When the first Covid-19 case was announced in the country, Mombasa Governor Hassan Joho was among the first leaders to set up an emergency response committee and isolation facilities to arrest the spread of the virus.
This is after the Health ministry placed Mombasa among 14 counties on high alert for coronavirus given its status as a point of entry.
Within the last two months, the county has refurbished Ramtullah private wing at Coast General Teaching and Referral Hospital as its main isolation unit, with 19 beds.
Mr Joho has launched a 300-bed capacity treatment centre at the Technical University of Mombasa. He also launched four ICU ambulances.
“If we need to transfer a patient to a more severe care facility like the one at Coast Provincial General Hospital, we can comfortably do so,” Mr Joho said.
“The beauty of this partnership is that we will have also agreed on a structured, shared human resource plan. Doctors from all the hospitals will contribute their personnel to this facility so that we have a dedicated workforce and a plan that will help us fight Covid-19.”
At Coast General Hospital, the county has converted and dedicated its Lady Grig maternity wing, with a bed capacity of 150, to handle moderate cases of the virus.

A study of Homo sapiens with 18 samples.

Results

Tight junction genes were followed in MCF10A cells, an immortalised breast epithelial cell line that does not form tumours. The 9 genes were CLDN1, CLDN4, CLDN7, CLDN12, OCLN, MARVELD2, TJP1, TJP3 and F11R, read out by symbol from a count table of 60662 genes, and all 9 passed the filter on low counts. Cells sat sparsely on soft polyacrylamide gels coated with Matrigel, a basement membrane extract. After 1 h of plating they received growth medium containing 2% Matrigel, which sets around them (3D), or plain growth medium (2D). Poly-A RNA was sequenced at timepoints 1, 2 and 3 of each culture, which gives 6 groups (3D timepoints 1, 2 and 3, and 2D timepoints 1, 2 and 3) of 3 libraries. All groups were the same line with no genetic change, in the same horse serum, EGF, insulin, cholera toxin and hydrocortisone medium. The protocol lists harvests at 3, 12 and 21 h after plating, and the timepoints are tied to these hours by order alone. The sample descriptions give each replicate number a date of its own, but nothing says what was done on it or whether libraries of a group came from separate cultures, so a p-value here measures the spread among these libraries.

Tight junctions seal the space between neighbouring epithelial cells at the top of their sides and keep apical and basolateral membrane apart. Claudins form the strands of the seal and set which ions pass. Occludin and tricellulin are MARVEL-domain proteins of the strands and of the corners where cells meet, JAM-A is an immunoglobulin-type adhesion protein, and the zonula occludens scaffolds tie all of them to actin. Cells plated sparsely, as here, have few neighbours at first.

Out of these, 30 beds will be handling critical cases that may require oxygen and ventilator support.
Mr Joho said another 60 beds will be dedicated to expectant mothers who contract the virus. “This is going to be a Covid-19 maternity (ward), where the Caesarean Section will be done,” he said.
The county has also ensured that other hospitals in Mvita and Tudor are used as additional isolation units.
Even as Mombasa prepared for the worst, a lot of the infections have proven to be asymptomatic, and not requiring hospitalisation.
But the county remains one of the hotspots in Kenya, with Old Town and Mvita being the regional hotspots.
As of Wednesday , Mombasa’s case load had shot to 350 while 22 people had lost their lives. Likoni, Changamwe and the Port of Mombasa are also emerging as hotbeds of the virus in the county.
The culture and lifestyle of Mombasa residents— including communal gatherings and sharing of meals during the month of Ramadhan — have been cited as factors that have been fuelling infections.
Mr Joho has also decried “sheer irresponsibility and recklessness” saying many residents still do not believe the disease is real.
He said Mombasa is now grappling with community transmission.
The county boss also linked the rapid spread to businesses that are still running, including the Kenya Ports Authority.
It is because of the risk factors that the government imposed a total lockdown on Old Town, as well as encouraged mass testing to flatten the curve.
The testing drive faced resistance and apathy in its initial stages, with some residents of stoning medical staff and ambulances.
However, things have been improving after Mr Joho and other leaders encouraged them to take the test boosted by the government’s decision to foot quarantine bills incurred at public facilities.
Besides setting up facilities, the county government has set aside Sh200 million in the fight against coronavirus. Mombasa also started a fund, raising money from the private sector and business community.